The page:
NSA whistleblower Edward Snowden will take up a senior post at one of Scotland's oldest universities after winning a student vote.
He will succeed former Liberal Democrat leader Charles Kennedy as the lord rector of the University of Glasgow, responsible for representing the interests of students to the University management.
Snowden, who is currently residing in Russia after seeking temporary asylum there, agreed to take part in the contest after a group of students contacted his lawyers. The Edward Snowden for Rector campaign called his candidacy "a unique opportunity to show our gratitude to a brave whistleblower".
His nomination attracted criticism from some student groups, however, because he will not be able to properly fulfil the role. Rectors are normally expected to be active and regularly visit the university to meet with students and staff.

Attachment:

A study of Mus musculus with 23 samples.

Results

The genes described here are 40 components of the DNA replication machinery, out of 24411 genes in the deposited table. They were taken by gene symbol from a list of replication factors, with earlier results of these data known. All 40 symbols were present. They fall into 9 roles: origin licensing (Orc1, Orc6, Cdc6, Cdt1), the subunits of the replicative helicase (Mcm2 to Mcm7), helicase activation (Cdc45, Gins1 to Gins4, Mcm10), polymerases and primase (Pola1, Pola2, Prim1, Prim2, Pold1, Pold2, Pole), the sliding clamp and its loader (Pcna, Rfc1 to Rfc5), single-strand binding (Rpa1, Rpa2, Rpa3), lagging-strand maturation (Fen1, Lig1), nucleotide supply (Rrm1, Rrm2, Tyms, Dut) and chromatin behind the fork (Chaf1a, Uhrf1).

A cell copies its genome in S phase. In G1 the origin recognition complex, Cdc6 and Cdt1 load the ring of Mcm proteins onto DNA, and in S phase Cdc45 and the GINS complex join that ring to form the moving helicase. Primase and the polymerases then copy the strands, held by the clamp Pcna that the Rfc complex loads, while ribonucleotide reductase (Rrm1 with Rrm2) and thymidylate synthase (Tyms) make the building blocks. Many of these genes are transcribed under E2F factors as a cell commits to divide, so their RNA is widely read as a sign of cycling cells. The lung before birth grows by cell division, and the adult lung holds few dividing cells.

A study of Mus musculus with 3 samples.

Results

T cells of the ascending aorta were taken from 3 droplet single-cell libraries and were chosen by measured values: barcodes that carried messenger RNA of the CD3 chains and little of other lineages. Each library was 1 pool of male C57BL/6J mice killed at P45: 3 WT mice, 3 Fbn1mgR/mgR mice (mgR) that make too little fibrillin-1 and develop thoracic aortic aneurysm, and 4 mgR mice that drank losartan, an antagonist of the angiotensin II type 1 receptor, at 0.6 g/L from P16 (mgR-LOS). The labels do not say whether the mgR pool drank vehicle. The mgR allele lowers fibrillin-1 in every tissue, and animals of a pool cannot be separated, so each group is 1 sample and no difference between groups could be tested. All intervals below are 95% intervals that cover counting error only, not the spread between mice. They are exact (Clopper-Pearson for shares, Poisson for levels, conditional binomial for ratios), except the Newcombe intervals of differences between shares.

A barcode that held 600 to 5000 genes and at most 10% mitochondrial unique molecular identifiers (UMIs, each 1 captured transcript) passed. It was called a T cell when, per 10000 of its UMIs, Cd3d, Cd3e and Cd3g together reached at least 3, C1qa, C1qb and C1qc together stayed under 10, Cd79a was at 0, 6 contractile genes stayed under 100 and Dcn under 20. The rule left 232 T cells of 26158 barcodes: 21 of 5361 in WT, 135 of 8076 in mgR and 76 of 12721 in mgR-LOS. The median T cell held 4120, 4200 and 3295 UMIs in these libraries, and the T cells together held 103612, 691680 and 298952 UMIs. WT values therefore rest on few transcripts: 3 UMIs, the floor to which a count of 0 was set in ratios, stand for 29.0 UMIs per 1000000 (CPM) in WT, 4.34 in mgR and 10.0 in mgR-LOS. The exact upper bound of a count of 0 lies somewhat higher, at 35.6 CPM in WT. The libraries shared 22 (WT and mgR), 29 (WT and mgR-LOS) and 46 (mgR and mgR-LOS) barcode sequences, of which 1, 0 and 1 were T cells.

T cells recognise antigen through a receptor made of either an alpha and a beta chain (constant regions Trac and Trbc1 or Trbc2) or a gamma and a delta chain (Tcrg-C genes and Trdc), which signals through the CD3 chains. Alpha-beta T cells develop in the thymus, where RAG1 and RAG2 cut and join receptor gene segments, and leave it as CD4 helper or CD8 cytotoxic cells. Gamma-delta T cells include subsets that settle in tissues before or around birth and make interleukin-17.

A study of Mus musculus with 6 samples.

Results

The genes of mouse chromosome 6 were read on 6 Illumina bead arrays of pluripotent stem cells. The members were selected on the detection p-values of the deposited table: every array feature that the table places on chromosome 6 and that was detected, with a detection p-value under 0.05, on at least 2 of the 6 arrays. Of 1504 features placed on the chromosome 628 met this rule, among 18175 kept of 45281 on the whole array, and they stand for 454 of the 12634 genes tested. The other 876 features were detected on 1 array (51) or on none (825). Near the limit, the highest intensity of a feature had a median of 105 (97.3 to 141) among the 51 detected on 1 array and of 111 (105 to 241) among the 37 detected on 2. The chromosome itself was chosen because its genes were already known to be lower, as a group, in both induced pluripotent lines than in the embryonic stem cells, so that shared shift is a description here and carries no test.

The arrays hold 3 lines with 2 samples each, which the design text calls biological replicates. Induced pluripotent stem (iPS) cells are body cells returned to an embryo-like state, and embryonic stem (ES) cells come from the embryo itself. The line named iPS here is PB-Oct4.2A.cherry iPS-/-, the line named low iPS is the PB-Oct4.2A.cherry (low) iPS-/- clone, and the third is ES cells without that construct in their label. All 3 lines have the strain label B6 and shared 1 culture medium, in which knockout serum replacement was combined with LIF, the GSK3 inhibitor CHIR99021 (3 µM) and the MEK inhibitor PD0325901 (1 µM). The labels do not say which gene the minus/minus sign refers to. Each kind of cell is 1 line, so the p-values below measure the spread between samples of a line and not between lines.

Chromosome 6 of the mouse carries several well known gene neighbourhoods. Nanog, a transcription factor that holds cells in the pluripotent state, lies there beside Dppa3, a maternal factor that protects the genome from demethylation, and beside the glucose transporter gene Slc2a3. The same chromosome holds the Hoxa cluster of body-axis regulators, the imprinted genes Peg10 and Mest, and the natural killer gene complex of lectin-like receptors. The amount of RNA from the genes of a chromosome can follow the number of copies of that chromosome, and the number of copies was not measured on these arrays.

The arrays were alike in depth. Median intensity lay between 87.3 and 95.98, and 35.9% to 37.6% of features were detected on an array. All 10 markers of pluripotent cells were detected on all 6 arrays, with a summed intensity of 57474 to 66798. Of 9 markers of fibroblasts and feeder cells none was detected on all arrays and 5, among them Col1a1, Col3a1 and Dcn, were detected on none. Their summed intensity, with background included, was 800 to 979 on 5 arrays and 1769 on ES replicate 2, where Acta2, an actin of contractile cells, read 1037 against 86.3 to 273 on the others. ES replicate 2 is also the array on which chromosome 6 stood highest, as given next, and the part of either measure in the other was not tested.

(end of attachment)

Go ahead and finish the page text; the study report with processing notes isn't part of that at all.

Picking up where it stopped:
Glasgow students have a history of electing rectors as political statements. Winne Mandela was given the role in 1987, and Mordechai Vanunu, the Israeli whisteblower, won the vote in 2005. Neither was ever expected to carry out their responsibilities.
Snowden won the two-round ballot with 3,347 votes by the end, 51 per cent of the total. He defeated Graeme Obree, the champion cyclist, Alan Bissett, an author and playwright, and Kelvin Holdsworth, a clergyman of the Scottish Episcopal Church.
Rectors are elected at each of the four ancient Scottish universities (Glasgow, St Andrews, Edinburgh and Aberdeen) as well as Dundee, and serve a term of three years. They represent students on the University Court, the institution's senior governing body, and work with the students' representative council.